The workforce of tomorrow bears little resemblance to the industrial, factory-based model of the early 20th century. The days of working solo on a factory floor assembly line are being replaced with work environments that thrive on teamwork and collaboration. It is no surprise then that the ability to collaborate has emerged as a critical skill for today’s K-12 students. In fact, collaboration is recognized as one of four 21st century skills students need to master to thrive in 21st century careers, according to organizations such as the National Education Association and the Partnership for 21st Century Learning.
Yet, many classroom environments have not caught up with the rapid changes that are occurring in education. Take a peek into the average K-12 classroom and you are likely to see row upon row of desks, facing front, waiting for the teacher to deliver his or her lesson. This works great for lectures, but not so much for group learning and collaboration. As teaching practices like project-based learning take hold in our schools, it is critical that we begin to rethink the types of learning spaces we provide for our students.
Key Elements of a Collaborative Learning Space
A truly collaborative learning space encourages students to gather in groups, large and small, to solve problems, work on a project, or have a meaningful discussion. These spaces can take numerous forms, but all satisfy some basic requirements.
- Collaborative learning spaces should accommodate all types of learning: independent one-on-one learning, small group learning, and large group learning.
- Collaborative learning spaces should be flexible, in terms of both the physical space and how it is used. Furniture should be easy to move, enabling easy transitions between group and independent learning. Students should have a variety of seating (or standing!) options, from traditional desk chairs to bean bags, sofas, stools, and standing desks.
- Collaborative learning spaces should make students and teachers feel comfortable engaging in a variety of teaching and learning styles, whether it’s the traditional sage-on-a-stage presentation or some combination of project-based and personalized learning.
- Most importantly, collaborative learning spaces should reinforce and encourage the other three Cs of 21st century learning: critical thinking, creativity, and communication.
If you are thinking that collaborative learning spaces are expensive or labor-intensive to implement, fear not. It’s possible to transform your classroom into a collaborative learning space using a little ingenuity and some lost-cost supplies. For example, you can add tennis balls to desk and chair legs to make them easier to move around, or purchase (or re-purpose!) pillows and used furniture to create cozy spaces for independent or small group work. The goal is not to create the flashiest, most modern-looking space you can. It is to create an environment that is inviting and conducive to learning and collaboration. Dale Basye, a writer and designer of multimedia experiences for children, says it well: “Children respond well to novelty. If they enter a room that’s different, they open up more to the lesson and are more in the moment as to what learning and teaching can be.”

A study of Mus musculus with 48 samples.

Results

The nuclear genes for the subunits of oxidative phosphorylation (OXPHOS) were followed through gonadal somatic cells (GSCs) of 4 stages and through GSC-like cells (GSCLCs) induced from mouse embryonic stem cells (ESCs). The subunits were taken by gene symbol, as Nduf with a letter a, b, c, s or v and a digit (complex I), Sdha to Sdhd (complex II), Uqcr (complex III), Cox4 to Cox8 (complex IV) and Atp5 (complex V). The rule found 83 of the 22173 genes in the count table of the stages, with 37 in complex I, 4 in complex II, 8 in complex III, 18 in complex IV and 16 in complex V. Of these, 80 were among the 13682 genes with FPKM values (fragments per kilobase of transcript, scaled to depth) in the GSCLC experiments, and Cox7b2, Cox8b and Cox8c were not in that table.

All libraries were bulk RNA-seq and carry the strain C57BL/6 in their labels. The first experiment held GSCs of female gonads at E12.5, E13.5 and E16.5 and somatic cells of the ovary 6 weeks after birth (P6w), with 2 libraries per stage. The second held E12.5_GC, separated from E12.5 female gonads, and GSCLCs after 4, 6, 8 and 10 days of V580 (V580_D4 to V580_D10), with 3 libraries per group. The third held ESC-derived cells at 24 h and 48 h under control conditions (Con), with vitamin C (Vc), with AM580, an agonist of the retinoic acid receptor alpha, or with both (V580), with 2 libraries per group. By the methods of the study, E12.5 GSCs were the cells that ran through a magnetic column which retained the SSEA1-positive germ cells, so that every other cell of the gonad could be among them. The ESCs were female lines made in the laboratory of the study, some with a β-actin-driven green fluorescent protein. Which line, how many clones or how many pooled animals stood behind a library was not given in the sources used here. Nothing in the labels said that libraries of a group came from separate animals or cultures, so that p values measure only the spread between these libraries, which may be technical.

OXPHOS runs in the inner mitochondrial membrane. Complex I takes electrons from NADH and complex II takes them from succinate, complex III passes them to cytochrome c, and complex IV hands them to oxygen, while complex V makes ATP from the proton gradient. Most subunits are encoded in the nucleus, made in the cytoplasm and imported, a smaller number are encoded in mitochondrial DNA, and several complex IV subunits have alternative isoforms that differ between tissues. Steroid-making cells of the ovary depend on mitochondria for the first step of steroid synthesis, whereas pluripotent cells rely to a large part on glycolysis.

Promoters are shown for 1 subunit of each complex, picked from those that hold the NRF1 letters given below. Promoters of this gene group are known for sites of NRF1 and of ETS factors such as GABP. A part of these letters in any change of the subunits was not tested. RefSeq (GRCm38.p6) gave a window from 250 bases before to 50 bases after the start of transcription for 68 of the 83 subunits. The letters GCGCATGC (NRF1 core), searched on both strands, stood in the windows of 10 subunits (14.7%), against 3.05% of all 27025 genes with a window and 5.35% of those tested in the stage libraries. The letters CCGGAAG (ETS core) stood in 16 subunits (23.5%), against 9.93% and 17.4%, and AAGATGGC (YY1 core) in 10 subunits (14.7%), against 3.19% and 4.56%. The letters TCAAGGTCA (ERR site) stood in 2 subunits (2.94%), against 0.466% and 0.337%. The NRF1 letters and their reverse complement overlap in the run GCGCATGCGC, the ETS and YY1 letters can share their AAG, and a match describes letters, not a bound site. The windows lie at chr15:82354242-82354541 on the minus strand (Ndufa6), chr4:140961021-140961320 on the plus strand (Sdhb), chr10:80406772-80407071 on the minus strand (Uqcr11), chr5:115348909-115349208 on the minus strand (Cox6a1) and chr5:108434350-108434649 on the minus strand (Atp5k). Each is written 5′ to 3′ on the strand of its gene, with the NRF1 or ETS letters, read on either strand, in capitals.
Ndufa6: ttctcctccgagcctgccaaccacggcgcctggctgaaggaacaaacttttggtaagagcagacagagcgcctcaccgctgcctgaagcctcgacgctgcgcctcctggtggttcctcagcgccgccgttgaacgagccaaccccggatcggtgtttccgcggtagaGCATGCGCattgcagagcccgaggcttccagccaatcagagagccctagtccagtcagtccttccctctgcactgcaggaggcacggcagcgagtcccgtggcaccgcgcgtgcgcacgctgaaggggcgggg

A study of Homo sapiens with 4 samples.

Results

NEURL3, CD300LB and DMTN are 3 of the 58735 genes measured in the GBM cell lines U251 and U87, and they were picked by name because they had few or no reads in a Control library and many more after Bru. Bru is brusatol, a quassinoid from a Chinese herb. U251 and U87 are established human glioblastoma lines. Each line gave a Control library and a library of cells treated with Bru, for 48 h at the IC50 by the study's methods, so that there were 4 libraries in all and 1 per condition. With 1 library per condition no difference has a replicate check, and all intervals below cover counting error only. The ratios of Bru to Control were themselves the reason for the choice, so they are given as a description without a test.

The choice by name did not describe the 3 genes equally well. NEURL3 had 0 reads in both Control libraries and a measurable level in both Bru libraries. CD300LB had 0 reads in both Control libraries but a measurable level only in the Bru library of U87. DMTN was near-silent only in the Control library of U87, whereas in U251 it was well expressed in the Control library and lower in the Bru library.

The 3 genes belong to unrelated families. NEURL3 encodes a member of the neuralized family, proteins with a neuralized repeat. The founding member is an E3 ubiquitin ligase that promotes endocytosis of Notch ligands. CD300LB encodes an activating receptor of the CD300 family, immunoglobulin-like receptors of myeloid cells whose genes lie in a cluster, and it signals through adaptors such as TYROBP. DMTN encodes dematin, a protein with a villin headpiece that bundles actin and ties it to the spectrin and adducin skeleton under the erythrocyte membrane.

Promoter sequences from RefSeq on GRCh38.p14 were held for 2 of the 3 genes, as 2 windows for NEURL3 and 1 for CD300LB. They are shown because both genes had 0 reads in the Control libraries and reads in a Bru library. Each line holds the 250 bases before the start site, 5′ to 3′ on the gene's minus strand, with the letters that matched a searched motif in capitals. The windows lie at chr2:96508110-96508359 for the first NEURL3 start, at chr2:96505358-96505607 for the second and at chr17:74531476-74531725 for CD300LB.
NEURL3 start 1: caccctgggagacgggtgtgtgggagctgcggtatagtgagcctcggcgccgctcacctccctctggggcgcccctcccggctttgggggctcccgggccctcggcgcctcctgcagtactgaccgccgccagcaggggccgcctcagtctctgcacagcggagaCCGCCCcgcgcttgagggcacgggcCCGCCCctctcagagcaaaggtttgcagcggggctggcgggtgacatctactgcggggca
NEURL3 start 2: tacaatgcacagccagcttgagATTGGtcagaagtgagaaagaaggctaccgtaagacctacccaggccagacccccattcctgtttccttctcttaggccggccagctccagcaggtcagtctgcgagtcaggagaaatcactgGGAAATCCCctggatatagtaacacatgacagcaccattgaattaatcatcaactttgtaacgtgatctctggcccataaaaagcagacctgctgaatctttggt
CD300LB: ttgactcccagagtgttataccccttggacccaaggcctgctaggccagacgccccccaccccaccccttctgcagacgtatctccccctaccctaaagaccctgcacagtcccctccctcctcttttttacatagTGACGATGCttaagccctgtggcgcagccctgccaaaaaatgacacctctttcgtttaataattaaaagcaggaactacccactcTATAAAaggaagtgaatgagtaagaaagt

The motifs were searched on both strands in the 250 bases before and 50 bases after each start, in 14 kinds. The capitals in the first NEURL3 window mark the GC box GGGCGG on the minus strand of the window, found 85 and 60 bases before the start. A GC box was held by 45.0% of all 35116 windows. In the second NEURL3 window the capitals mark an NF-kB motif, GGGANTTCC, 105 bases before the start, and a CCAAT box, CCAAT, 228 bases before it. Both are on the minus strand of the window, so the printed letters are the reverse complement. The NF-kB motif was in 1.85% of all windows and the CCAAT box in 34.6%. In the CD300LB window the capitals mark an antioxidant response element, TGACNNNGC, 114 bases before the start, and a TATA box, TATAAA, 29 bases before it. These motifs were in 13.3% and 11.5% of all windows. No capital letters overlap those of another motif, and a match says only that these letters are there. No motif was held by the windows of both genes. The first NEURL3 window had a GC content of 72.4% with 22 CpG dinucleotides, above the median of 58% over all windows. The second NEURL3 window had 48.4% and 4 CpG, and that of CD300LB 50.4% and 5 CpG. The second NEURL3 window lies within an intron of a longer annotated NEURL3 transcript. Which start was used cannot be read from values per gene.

Collaborative Learning in Albuquerque Public Schools
One school district that has seen success from adopting collaborative learning spaces is Albuquerque Public Schools in New Mexico. The district designed one of its newest schools, the George I. Sanchez Collaborative Community School, to be a collaborative learning center that includes both traditional classrooms and age-appropriate breakout spaces. Each breakout space features a variety of seating choices, including soft-shaped seating, chairs, and stools, as well as technology-enabled tables that allow students to plug-in their digital devices so they can work where they feel most comfortable. All furnishings were selected with ease of movement and flexibility in mind. Teachers encourage their students to use these spaces for collaborative, problem-solving activities; however, these spaces can also be adapted for independent study.
How do teachers and staff feel about their school’s collaborative environments?
“Our first year of operation has been truly ground-breaking!” said Melissa Grant, Facilities Specialist for Albuquerque Public Schools. “In just one year, the George I. Sanchez Collaborative Community School has seen tremendous reception from students, teachers, and the public at large – folks are being drawn to the facility.”
The positive response to the George I. Sanchez School has encouraged Albuquerque Public Schools to plan additional collaborative learning spaces within the district. A resounding endorsement of collaborative learning spaces that should have other school districts taking notice.